By controlling the interplay between light and matter at a nanoscale, researchers from the Dutch Institute of Fundamental Energy Research, Eindhoven University of Technology and Universidad Autonoma of Madrid (Spain) have created a laser which is small and sturdy enough to fit onto a computer chip. The results have great potential for the field of photonics, the science that investigates the generation, propagation and detection of light.
The paper Plasmon-Exciton-Polariton Lasing was published in the recent edition of Optica, a high impact journal of the Optical Society of America, and will be presented at the Physics@Veldhoven national Dutch physics conference on 18 January 2017.
How lasers work
Lasers produce intense and coherent light and are in wide use in areas as diverse as industrial processes, food quality monitoring, sensors for detecting gases and bio-molecules, data communication via optical fibers and even precise time measurement. A conventional laser (Light Amplification by Stimulated Emission of Radiation) is based on a medium which amplifies light by multiplying photons (light particles) inside it. This material is surrounded by mirrors to form an optical cavity to recycle these photons. Once more energy is put into the medium than its lasing threshold, the system starts to emit intense and coherent laser light.
The research: harnessing electrical charge with nano-antennas
To shrink their laser down to the nanoscale, physicist Mohammad Ramezani and colleagues used a thin layer of an organic material as their optical medium. In this layer, they produced packets of electrical charge (excitons) which will eventually collapse and send out photons (particles of light) in random directions. The team replaced the mirrors in a conventional laser by an ordered array of nanometer-sized metal nanoparticles that work as miniscule antennas. Like radio-antennas, these nano-antennas make sure that the laser light is sent out in well defined preferential directions.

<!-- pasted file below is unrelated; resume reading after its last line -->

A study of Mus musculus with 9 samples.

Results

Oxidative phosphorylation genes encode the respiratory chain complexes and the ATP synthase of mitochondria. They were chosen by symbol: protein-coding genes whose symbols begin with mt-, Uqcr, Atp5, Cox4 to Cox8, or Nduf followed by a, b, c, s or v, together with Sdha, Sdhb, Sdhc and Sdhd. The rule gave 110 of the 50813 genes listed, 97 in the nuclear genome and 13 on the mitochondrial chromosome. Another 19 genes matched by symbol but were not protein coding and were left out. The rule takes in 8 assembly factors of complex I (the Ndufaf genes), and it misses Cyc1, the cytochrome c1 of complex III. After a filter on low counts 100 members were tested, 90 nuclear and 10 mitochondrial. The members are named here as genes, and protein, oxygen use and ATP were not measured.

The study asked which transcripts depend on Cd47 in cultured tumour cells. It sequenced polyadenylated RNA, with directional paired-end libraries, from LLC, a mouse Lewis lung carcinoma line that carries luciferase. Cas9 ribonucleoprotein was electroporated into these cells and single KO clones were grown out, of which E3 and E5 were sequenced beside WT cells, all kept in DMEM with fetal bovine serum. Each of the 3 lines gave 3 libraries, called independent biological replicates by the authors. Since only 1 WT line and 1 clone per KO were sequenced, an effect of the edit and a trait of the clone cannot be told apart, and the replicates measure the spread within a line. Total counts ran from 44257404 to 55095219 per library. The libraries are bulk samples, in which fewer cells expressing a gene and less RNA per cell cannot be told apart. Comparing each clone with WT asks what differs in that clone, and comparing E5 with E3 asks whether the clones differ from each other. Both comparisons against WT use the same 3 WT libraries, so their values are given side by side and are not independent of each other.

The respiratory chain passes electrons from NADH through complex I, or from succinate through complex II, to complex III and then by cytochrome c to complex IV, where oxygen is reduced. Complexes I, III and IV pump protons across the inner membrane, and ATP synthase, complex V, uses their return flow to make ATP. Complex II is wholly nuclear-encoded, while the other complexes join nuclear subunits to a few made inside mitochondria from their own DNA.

Exciton condensation on a chip
The results of Ramezani and his colleagues are exciting because they achieve laser emission in an unconventional way. Instead of amplification of photons in the organic layer, they achieve laser emission by first condensing all the excitons into the same state and then letting they collapse to emit light. This process, known as Bose Einstein Condensation (BEC) usually requires very low temperatures. The laser emission in Ramezani’s systems takes place at the nanoscale and at room temperature. This opens up new opportunities for applications as a laser on a chip in computers that manipulate data in the form of light rather than as slower-moving electrical current.